As most of you know, generally right after season ends December 15th I begin a limited cracked corn feeding regimen for a month or so (or until deep snow) to census the deer in the immediate area of the farm. This year I did not start until late January, because of the extremely mild winter (though it is -2 below as I write) . The deer have had no trouble moving or finding plenty of acorns and other natural food, including old apples, and as it was, entered winter with the biggest fat reserves I have seen in years. On top of no snow, we have had absolutely mild fall temps all winter until the last week or so. These deer couldn't be bothered with a little cracked corn. But once we got a little snow, and temperatures returned to normal, they began to show up. These are just a few of the hundreds of pictures I have from one camera up next to the Christmas tree plantation.
Through studying these pictures, I have determined that I have a group of six coming from a big hemlock stand to the South, a group of four (sometimes five) coming in from the East, and a group of three from the West. The bucks shown do not seem to remain with any particular group. Interesting that they still have their antlers in February. Good sign of low stress...I do have a picture of a buck taken one day in late April several years ago with his antlers still unshed!
These are fat, shiny and unstressed deer for sure!
Check the coat and condition of this doe with an attitude (get away from my corn!)
A healthy coat insulates better than any fiberglass we ever invented. That snow will be on her until she shakes it off!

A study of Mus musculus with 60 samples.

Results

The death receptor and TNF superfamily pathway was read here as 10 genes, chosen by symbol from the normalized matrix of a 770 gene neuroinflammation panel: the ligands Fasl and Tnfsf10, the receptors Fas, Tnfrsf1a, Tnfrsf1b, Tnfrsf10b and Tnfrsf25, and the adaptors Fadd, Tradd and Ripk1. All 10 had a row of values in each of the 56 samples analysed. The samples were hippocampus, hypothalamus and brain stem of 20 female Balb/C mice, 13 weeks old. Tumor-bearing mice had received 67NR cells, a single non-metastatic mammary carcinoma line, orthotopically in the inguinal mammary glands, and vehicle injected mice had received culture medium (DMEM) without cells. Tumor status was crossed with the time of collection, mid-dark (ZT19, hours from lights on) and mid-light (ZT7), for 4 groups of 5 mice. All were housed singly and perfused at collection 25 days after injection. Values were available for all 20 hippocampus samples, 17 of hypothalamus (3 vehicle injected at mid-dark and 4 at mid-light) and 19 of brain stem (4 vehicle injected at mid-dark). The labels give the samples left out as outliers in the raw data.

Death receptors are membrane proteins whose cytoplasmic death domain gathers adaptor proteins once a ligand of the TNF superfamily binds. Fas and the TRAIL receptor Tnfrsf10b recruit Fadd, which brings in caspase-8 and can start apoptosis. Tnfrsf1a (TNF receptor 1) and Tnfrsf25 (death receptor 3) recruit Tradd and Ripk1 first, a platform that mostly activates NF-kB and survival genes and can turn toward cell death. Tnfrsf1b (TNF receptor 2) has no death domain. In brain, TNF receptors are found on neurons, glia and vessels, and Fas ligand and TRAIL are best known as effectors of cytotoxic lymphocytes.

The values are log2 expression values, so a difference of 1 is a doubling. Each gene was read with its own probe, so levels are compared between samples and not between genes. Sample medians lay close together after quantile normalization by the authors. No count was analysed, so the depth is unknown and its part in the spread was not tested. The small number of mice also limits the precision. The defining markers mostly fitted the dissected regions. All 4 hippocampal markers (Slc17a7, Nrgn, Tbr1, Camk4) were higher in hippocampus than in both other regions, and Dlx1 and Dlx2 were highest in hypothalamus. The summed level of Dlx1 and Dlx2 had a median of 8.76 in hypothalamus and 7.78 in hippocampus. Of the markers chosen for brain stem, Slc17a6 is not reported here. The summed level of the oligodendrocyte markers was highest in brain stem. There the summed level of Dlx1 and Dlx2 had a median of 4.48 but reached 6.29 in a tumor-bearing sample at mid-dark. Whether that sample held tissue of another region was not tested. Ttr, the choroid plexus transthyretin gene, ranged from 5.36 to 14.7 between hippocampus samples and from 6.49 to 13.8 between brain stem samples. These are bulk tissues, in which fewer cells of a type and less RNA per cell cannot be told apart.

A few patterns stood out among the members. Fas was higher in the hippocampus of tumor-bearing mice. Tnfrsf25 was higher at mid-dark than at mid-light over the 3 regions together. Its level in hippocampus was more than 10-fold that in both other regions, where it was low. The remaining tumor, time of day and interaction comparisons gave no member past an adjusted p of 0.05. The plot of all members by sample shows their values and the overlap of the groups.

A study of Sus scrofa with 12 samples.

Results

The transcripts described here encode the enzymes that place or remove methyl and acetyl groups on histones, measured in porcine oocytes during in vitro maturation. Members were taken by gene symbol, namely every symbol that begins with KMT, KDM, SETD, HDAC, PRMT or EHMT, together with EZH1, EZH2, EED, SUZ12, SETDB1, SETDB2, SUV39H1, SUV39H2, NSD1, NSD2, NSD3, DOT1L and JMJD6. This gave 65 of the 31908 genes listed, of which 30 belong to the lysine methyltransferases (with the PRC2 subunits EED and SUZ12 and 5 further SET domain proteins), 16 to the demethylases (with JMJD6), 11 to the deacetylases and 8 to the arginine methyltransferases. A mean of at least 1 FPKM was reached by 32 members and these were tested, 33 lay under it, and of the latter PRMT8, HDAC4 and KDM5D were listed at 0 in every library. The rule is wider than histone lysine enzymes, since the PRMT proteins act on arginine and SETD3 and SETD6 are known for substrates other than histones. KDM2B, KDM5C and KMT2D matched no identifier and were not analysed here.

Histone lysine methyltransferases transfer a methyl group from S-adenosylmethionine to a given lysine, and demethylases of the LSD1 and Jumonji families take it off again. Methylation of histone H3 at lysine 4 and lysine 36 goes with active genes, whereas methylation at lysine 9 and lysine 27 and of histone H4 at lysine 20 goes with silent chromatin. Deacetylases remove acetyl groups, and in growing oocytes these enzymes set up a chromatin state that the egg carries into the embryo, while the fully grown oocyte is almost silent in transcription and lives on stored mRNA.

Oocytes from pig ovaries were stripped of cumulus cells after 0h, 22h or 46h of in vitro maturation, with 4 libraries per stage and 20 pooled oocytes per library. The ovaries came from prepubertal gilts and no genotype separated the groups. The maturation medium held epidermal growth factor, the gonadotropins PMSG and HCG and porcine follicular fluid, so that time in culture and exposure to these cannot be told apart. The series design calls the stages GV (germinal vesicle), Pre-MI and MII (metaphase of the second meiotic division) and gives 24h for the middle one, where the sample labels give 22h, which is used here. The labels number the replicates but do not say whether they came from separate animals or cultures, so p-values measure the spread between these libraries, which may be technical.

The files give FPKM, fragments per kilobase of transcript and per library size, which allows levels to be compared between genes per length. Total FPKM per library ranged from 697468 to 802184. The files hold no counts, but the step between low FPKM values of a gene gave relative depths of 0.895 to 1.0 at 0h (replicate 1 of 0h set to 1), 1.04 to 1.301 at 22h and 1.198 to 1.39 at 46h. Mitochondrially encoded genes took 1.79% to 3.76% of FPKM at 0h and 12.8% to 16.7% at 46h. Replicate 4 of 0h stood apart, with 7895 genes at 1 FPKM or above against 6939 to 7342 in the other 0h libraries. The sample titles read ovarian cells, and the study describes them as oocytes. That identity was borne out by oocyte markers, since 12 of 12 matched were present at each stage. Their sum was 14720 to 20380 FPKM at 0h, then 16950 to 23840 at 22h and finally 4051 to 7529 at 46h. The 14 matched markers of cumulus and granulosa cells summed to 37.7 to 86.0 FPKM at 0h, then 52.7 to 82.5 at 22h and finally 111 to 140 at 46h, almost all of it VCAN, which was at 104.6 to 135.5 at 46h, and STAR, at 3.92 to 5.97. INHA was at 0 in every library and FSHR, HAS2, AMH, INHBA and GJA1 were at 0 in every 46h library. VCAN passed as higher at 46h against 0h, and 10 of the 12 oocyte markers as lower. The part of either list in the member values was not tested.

Big boy always shows at night. He wishes these deer would yard up for good!
Just another example of good herd health...
And the raccoons do love their corn meal...
Nice little five pointer..
A close up.
Below is a spike that has shed his..and a four pointer behind him that hasn't.
Here is the four pointer
And the fiver...
Brother/sister? Both fat and shining with health.
The southern group
They have hammered my food plots in the Far Field to nothing, but still check it every day. Note how many tracks!
In conclusion I note that we have about fourteen regulars showing up in the fields and at the corn. They come within twenty feet of deer camp at night scraping under the apple tree for rotten apples, cruising our back yard and lawns. We have two constantly barking yappy running Shelties, and the deer hardly pick up their heads when they hear the dogs. Got a great pocket camera of them on the corn the other day from 100 yards, with both dogs barking loudly. I'll put that in the next post. In the meantime I guess it's time to host a coyote hunt! Let me know what YOU are doing!